Wildlife and Fisheries Sciences - BS, Vertebrate Zoology Option

Graduates are well equipped for post-baccalaureate study in many life science fields (graduate school programs and human and veterinary medicine) or for direct entry into professions such as wildlife management, fisheries management, environmental impact assessment, aquaculture, natural history museum education, zoological park collection management, public school teaching and urban wildlife management. Employers of recent graduates include state and federal resource agencies, scientific foundations, ranches, hunting and fishing clubs, fish farms, environmental consulting firms, museums and secondary schools.

Wildlife Ecology & Conservation; Fisheries, Aquaculture & Aquatic Sciences; and Vertebrate Zoology curriculum options lead to the Bachelor of Science degree. Each student will choose a course of study from among the options within the department’s curricula after consultation with the academic advisor. The chosen option is enhanced by a common departmental “core” of courses necessary for a sound education in the wildlife and fisheries conservation professions.

Students are encouraged to develop an emphasis area within their degree option. To build this emphasis area, students will choose directed electives, from related disciplines, in consultation with their academic advisor and faculty members.

Vertebrate Zoology Option

This emphasis provides the rigorous training needed for careers in the various aspects of natural resources related to the fields of ichthyology, herpetology, mammalogy and ornithology, including behavior, ecology, evolution, genetics, molecular biology, physiology and systematics. It is a flexible program which permits the inclusion of courses specifically required by schools graduate programs as well as schools of dentistry, law, medicine and veterinary medicine.

For students interested in biological diversity and the ecological processes and population interactions that sustain it, courses in this option are designed to provide a strong foundation in basic and applied organismal biology that will prepare students for graduate studies as well as careers within governmental and nongovernmental agencies and environmental firms dealing with biological conservation.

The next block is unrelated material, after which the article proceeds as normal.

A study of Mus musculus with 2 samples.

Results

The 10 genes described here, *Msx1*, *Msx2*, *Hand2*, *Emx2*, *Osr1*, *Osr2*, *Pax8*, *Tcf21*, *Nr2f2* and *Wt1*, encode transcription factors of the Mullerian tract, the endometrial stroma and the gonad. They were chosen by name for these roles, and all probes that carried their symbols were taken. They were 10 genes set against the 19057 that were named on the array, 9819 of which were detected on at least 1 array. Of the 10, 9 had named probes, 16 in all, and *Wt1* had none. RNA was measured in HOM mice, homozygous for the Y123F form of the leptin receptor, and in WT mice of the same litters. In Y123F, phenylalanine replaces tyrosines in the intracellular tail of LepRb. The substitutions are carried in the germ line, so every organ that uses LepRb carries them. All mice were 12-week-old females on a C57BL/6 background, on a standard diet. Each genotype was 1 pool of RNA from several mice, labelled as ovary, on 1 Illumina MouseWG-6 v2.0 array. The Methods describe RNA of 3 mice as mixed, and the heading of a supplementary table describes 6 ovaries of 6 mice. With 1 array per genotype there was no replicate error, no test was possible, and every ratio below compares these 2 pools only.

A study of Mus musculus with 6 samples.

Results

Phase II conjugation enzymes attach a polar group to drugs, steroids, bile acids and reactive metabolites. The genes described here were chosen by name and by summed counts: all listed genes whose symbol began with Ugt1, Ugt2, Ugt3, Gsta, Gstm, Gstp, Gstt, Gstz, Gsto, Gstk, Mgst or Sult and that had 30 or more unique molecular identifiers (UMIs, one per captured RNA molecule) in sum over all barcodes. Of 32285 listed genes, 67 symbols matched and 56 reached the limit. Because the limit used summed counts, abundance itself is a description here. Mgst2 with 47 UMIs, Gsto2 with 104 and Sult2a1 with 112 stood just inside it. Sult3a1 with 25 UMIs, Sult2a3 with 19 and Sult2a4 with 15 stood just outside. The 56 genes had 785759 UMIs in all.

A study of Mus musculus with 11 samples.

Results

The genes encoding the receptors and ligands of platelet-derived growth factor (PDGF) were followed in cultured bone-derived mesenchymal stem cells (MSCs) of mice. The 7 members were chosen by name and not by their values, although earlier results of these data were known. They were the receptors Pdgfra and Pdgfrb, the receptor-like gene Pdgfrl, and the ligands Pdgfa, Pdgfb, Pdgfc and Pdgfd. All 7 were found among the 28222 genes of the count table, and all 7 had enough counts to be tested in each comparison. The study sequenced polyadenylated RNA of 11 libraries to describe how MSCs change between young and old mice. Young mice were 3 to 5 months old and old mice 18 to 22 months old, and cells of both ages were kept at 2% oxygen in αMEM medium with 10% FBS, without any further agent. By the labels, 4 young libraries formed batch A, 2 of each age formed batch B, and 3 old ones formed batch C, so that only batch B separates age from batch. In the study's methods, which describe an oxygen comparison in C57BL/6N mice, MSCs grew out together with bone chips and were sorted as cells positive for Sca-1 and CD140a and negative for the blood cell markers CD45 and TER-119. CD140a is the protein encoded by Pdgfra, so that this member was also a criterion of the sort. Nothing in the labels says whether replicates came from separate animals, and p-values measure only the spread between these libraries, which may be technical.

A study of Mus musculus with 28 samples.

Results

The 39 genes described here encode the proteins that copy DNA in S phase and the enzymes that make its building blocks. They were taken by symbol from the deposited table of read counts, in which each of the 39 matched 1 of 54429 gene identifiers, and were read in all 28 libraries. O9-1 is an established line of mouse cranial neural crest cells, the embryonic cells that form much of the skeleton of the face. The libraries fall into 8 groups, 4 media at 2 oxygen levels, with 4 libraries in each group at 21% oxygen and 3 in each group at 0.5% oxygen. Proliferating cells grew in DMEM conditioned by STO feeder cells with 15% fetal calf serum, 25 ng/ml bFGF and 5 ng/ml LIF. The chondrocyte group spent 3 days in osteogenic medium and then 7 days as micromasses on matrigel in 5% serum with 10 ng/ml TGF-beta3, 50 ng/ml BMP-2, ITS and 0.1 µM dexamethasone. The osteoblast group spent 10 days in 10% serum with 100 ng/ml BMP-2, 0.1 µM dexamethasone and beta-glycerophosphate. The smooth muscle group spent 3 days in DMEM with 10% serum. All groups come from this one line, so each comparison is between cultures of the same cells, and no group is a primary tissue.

Students who are interested in mathematical and statistical approaches to conservation of endangered species, management of exploited populations, and their habitats will be equipped in basic ecological data analysis and modeling. The demand for professionals who can integrate quantitative methods and ecological concepts is rapidly increasing among government agencies, academia, and the private sector. Possible careers include entry-level assistant positions in fisheries management, wildlife management, environmental consulting, and research at conservation agencies, hospitals, and universities. This is also suitable for students who plan to obtain a post baccalaureate degree (MS or PhD) in ecology and related fields later in order to pursue higher level positions.

Plan of Study Grid
First Year
FallSemester Credit Hours
BIOL 111 Introductory Biology I 4
MATH 140 Mathematics for Business and Social Sciences 3
RENR 205 Fundamentals of Ecology 3
WFSC 101 Introduction to Wildlife and Fisheries 3
Directed elective 1 2
 Semester Credit Hours15
Spring
BIOL 112 Introductory Biology II 4
CHEM 119 Fundamentals of Chemistry I 4
MATH 142 Business Calculus 3
American history 2 3
Social and behavioral sciences 2 3
 Semester Credit Hours17
Second Year
Fall
CHEM 120 Fundamentals of Chemistry II 4
STAT 302 Statistical Methods 3
WFSC 302 Natural History of the Vertebrates 3
American history 2 3
Language, philosophy and culture 2 3
 Semester Credit Hours16
Spring
CHEM 227
CHEM 237
Organic Chemistry I
and Organic Chemistry Laboratory
4
ENGL 104 Composition and Rhetoric 3
PHYS 201 College Physics 4
Government/Political science 2 3
 Semester Credit Hours14
Third Year
Fall
CHEM 228
CHEM 238
Organic Chemistry II
and Organic Chemistry Laboratory
4
Select one of the following: 4
Principles of Animal Physiology  
Biomedical Physiology I  
Natural History of the Invertebrates  
Creative arts 2 3
Government/Political science 2 3
Directed elective 1 1
 Semester Credit Hours15
Spring
BICH 303
Elements of Biological Chemistry
or Comprehensive Biochemistry I
3
COMM 203 Public Speaking 3
Biodiversity elective 3 3
Directed elective 1 4
Directed elective 1 3
 Semester Credit Hours16
Fourth Year
Fall
ENGL 210 Technical and Business Writing 3
GENE 301 Comprehensive Genetics 3
RENR 215 Fundamentals of Ecology--Laboratory 1
Select one of the following: 3
Field Studies  
Internship  
Directed Studies  
Research  
Biodiversity elective 3 3
 Semester Credit Hours13
Spring
PHYS 202 College Physics 4
WFSC 304 Wildlife and Fisheries Conservation 3
Directed elective 1 4
Directed elective 1 3
 Semester Credit Hours14
 Total Semester Credit Hours120

Students are required to make a C or better in all WFSC and RENR 205/RENR 215 courses.

A total of 120 semester hours will be required for a BS degree.